In Travel & Visitors Guide

Completely cleared and repaired, the Visitor Mall and Clausing Barn show no sign of the tornado's damage almost a year ago. (PHOTO: Wisconsin Historical Society)

In Travel & Visitors Guide

Over 3,000 trees had to be cleared from the Mall and 15 buildings needed repairs in the tornado's wake. (PHOTO: Wisconsin Historical Society)

Old World Wisconsin looks to the future after a year of rebuilding

It's been almost a year since the tornado that tore through Eagle and Palmyra hit Old World Wisconsin, the state's historic outdoor farm and village museum.

The damage that occurred on June 21, 2010 caused the site to close for more than a month, and has resulted in a still-ongoing process of painstaking reconstruction.

"We were lucky because no historic buildings were destroyed in the tornado, but it took down almost 3,000 trees on the Visitor Mall," said Lisa McGovern, Old World Wisconsin's communication director. "Depending upon when you were last there, you will be surprised as you make the drive in."

Clearing the downed trees took a combination of insurance and emergency Division of State Facilities funding, as well as generous donations from members of the Old World Wisconsin Foundation.

"Originally the DNR managed much of the tree removal," said Old World Wisconsin Site Director Dawn St. George. "The DNR is really quite capable of timbering operations and tree removal, so we worked very closely with them to remove the trees."

The tree loss may be the most noticeable result of the tornado's impact, but for a historical site like Old World Wisconsin, the smaller repairs proved to be the most elaborate and time-consuming.

"We had 15 buildings damaged. The only one that is still left to be repaired is Caldwell Farmers' Hall," said St. George. "There was extensive damage to the interior wallpaper, and it's wallpaper that needs to be carefully hand-done. The rest of them were all exteriors, and each one of them received a little bit different kind of damage across the site."

Despite the damage, Old World Wisconsin has soldiered on in true frontier spirit, recovering quickly in an effort to welcome their visitors back to the site following their closure last June and July.

"August was a lighter visitation than most Augusts for us, but by the time that word got out in September and October we finished very well," said St. George. "I think that our visitors have returned and are having a great time out there."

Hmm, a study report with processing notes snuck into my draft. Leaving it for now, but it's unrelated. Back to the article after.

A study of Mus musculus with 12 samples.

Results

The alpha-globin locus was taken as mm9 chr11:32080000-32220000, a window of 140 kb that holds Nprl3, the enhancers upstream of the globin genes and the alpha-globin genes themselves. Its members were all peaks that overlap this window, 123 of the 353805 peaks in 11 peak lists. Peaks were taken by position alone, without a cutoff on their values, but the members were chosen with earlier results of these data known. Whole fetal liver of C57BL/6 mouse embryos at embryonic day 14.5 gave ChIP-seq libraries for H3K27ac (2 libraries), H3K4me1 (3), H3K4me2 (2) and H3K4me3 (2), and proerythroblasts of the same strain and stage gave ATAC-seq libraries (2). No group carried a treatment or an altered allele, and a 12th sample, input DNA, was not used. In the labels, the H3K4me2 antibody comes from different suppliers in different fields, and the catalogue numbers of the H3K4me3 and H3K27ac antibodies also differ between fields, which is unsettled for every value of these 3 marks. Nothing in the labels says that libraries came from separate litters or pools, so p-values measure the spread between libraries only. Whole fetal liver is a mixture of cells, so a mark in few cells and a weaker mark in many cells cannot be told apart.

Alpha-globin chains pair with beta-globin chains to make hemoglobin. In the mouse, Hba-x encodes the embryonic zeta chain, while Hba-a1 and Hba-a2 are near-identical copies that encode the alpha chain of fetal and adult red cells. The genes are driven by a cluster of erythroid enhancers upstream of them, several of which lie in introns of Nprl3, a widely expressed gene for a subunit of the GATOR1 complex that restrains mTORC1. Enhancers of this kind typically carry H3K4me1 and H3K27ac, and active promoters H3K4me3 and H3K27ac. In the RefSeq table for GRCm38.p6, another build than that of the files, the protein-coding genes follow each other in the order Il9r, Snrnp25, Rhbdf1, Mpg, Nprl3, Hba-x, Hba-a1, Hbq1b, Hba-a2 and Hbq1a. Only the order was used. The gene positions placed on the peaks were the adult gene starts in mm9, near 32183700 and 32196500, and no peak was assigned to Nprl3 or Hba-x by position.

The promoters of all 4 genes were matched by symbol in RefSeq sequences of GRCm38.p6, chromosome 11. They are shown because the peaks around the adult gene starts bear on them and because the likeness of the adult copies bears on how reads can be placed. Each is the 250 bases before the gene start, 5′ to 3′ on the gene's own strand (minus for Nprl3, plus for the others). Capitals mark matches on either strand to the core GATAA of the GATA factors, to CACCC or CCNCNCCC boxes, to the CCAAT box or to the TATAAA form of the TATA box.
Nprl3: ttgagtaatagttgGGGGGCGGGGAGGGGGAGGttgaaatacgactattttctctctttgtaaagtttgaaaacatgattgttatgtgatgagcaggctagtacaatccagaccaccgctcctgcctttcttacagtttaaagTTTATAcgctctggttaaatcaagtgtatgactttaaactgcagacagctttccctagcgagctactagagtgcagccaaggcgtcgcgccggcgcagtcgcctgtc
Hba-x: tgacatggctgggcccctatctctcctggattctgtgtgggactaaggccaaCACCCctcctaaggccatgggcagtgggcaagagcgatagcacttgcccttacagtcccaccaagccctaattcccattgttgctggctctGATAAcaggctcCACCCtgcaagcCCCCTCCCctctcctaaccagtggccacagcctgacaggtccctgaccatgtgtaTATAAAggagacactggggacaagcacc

To ensure both are the case, Old World Wisconsin has planned a special commemorative celebration to mark the anniversary of the tornado and celebrate the site's reconstruction. "Old World Wisconsin: One Year Later" is set to take place June 11, just 10 days before the official one-year mark of the tornado touching down on the site and neighboring towns.

"The big thing is to have a recognition of what we collectively went through," said McGovern. "It wasn't just Old World Wisconsin, it was the residents of Eagle and Palmyra as well. So, we're offering free admission for those residents."

Most of the day's events will take place on the Visitor Mall and in the upper loft of the Clausing Barn Restaurant. The One Year Later celebration includes a brief opening address by Ellsworth Brown, the head of the Wisconsin Historical Society, and appearances by a number of state and local representatives.

Cake and refreshments, a performance by the Palmyra-Eagle Community Band, the Eagle Diamonds vintage base ball team's season home opener and the book launch of "Putting Down Roots: Gardening Insights from Wisconsin's Early Settlers," written by Old World Wisconsin's historical gardener, Marcia Carmichael, are just some of the activities planned for the day.

For everyone involved in Old World Wisconsin's recovery, the One Year Later event is as much about moving the site forward as it is about remembering the past.

"I don't know that the parking lot will ever look like it looked, and I think that's for the right reasons," said St. George, who hopes to take the opportunity to give the landscape a more complementary look in the near future. "So much of the damage was not-native red pine trees that the DNR had previously planted in the '50s and '60s. We want to make it a beautiful, native planting, perhaps more prairie and brush than trees."

Visitors can also anticipate a richer offering of events as the site aims to complete its reconstruction from what, in the scheme of things, has become more of a transition than a setback.

"It's really kind of a look forward, is how we're seeing it. It's a work in progress," said McGovern. "Part of the rebuilding process is coming up with new events and having that kind of enthusiasm as we move forward. It's not just replanting the trees, but it's looking forward to other things that we can do to expand and to create this kind of experience for our visitors."